It’s a tough time for the annual fund. Across the country, the spread of the coronavirus has forced colleges and independent schools to suspend giving days and hit pause on plans for upcoming solicitations.
We talked with Heather Kopec who leads the annual giving team at Virginia Tech about how her team is taking on new challenges. In our interview, Heather gave tips for keeping open communication going, how the team is taking on big projects that will pay off next year, the need to reach out to mid-level donors, and how they hope to resume fundraising.
"Everything is in the air and that's good in the sense that it allows us to really refocus on the things we can do right now to set us up for FY21."
Stand up, sit down
With everyone working remotely, Heather’s team starts and ends their day together on a team Zoom meeting. Everyone has “cameras up,” which means the whole team can see each other and share what’s going on and what they accomplished that day.
“Normally we do standup meetings every day in-person where we look at all of our projects and the deliverables and what’s on our hot list. But we didn’t want to lose that end of day continuity. So we called them sit down meetings and those are now our way to summarize what we did today and what we learned,” Heather said. If you follow Heather on LinkedIn, you’ll see that her team is having fun with remote work. They’ve done a Brady Bunch recording, dress in pink on Wednesdays as a nod to Mean Girls, and wear their Hokie gear on Spirit Fridays.
Focus on long-term projects
Like so many institutions, Heather’s team had to hit pause on their Giving Day — they held a Zoom meeting to do a little group grieving — and they’re also holding back on their original plans for the end of the school year. But that means they have more time to dedicate to projects that will pay off in FY21 once the current crisis is over.
“Everything is in the air and that’s good in the sense that it allows us to really refocus on the things we can do right now to set us up for FY21.
There are a couple of projects that have been on our list for a long time. First, how do we launch a more all encompassing, sustaining donor program rather than just offering recurring gifts as a payment method. The other big project designing a better anniversary milestone program for our donors. [We want to celebrate] when you’ve had three, 10 or 20 of consecutive giving.
Those two projects are what I’m having my team focus on right now… I don’t want to have my team focus on fundraising right now because I don’t know when we’re going to be ready to start fundraising.
That was a key lesson from last week: if we’re focusing on anything in FY20 right now, it’s only going to frustrate us more if we invest all this time in ideas and then we have to sidetrack it.”
Figure out 1-on-1 outreach to mid-tier donors
“Last week we really focused on… people giving above $10,000 who are assigned. Our team had everybody go through their portfolios and say, ‘Who are the people that I’m closest to? Who do I have active solicitations for?’ to make our donors feel good, connected, and give them the insider perspective.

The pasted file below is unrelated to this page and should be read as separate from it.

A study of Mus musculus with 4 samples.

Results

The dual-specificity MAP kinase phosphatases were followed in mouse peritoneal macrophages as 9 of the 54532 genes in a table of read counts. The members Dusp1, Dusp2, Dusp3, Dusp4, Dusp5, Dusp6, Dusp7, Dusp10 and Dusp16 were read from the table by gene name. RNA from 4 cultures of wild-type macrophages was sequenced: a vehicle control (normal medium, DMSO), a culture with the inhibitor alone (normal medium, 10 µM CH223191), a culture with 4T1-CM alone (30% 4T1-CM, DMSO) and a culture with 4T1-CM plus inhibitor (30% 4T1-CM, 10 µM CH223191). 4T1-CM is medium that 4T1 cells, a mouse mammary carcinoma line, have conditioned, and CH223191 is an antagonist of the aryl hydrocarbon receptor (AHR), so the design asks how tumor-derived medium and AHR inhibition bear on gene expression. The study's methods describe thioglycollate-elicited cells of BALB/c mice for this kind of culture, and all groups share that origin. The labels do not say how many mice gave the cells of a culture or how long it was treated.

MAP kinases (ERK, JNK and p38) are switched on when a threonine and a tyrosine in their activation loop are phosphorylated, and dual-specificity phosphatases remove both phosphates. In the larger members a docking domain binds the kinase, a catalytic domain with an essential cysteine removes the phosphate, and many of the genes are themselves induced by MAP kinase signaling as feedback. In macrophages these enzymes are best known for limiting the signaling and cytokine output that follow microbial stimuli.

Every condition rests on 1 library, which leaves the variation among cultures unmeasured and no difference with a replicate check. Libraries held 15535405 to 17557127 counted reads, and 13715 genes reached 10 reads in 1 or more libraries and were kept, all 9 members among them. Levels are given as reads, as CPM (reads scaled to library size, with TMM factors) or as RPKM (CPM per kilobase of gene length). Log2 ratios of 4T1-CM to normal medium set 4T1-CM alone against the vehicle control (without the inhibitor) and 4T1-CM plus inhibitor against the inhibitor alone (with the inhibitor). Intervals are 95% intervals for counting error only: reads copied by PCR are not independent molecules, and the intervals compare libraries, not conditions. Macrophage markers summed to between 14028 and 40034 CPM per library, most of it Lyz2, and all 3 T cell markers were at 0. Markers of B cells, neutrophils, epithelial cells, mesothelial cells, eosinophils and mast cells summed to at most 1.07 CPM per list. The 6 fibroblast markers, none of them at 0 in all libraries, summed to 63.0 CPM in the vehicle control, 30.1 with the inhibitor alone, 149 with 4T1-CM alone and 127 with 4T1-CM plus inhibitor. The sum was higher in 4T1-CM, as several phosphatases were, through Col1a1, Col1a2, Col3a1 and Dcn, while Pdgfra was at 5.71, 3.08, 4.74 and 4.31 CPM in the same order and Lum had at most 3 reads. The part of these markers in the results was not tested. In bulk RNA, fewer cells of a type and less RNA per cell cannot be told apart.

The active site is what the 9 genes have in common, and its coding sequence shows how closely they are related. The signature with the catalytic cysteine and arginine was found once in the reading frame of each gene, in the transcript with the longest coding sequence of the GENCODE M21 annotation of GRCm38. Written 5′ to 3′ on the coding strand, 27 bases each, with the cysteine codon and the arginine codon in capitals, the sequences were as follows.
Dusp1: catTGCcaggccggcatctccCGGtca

Now we’re starting to tackle what we’re going to do in the middle of the pyramid for $500-9,999, donors. How can we do type of one-on-one outreach on a mass level? We don’t have that answer yet, but we’ve put together a cross-functional team to think about how to tackle that from a donor relations, prospect management, annual giving, and leadership giving perspective.”
When it’s time to make an appeal, use student stories
“We’re not going to rush to get back into the solicitation game just because. There’s a lot of people doing emergency funds right now, but we want to put a face to it and tell that story. We have an emergency fund — we’ve always had an emergency fund — and, yes, we’re using it so much faster than we ever have before. But we want to be really mindful and intentional of how we tell that story while also making the ask.
We’re looking at tools we already have… Are there aspects of technology that we have that we’re not fully utilizing? And through that, can we get some students stories? We have our student alumni ambassadors, which are the 100 most-spirited Hokies. Now they’re all over the country. So how do we tap into that group who is already close to us and is willing to share stories?
Because when we come back to annual giving fundraising, we have to put the human first. It’s all about people and faces and that’s going to be more important than it ever was before.”
Here’s EverTrue’s take on the novel coronavirus pandemic and its impact on advancement: We don’t have all the answers, but we’re going to learn from each other and share best practices for remote fundraising, working from home, and handling uncertainty. Bookmark this page and subscribe for ongoing updates.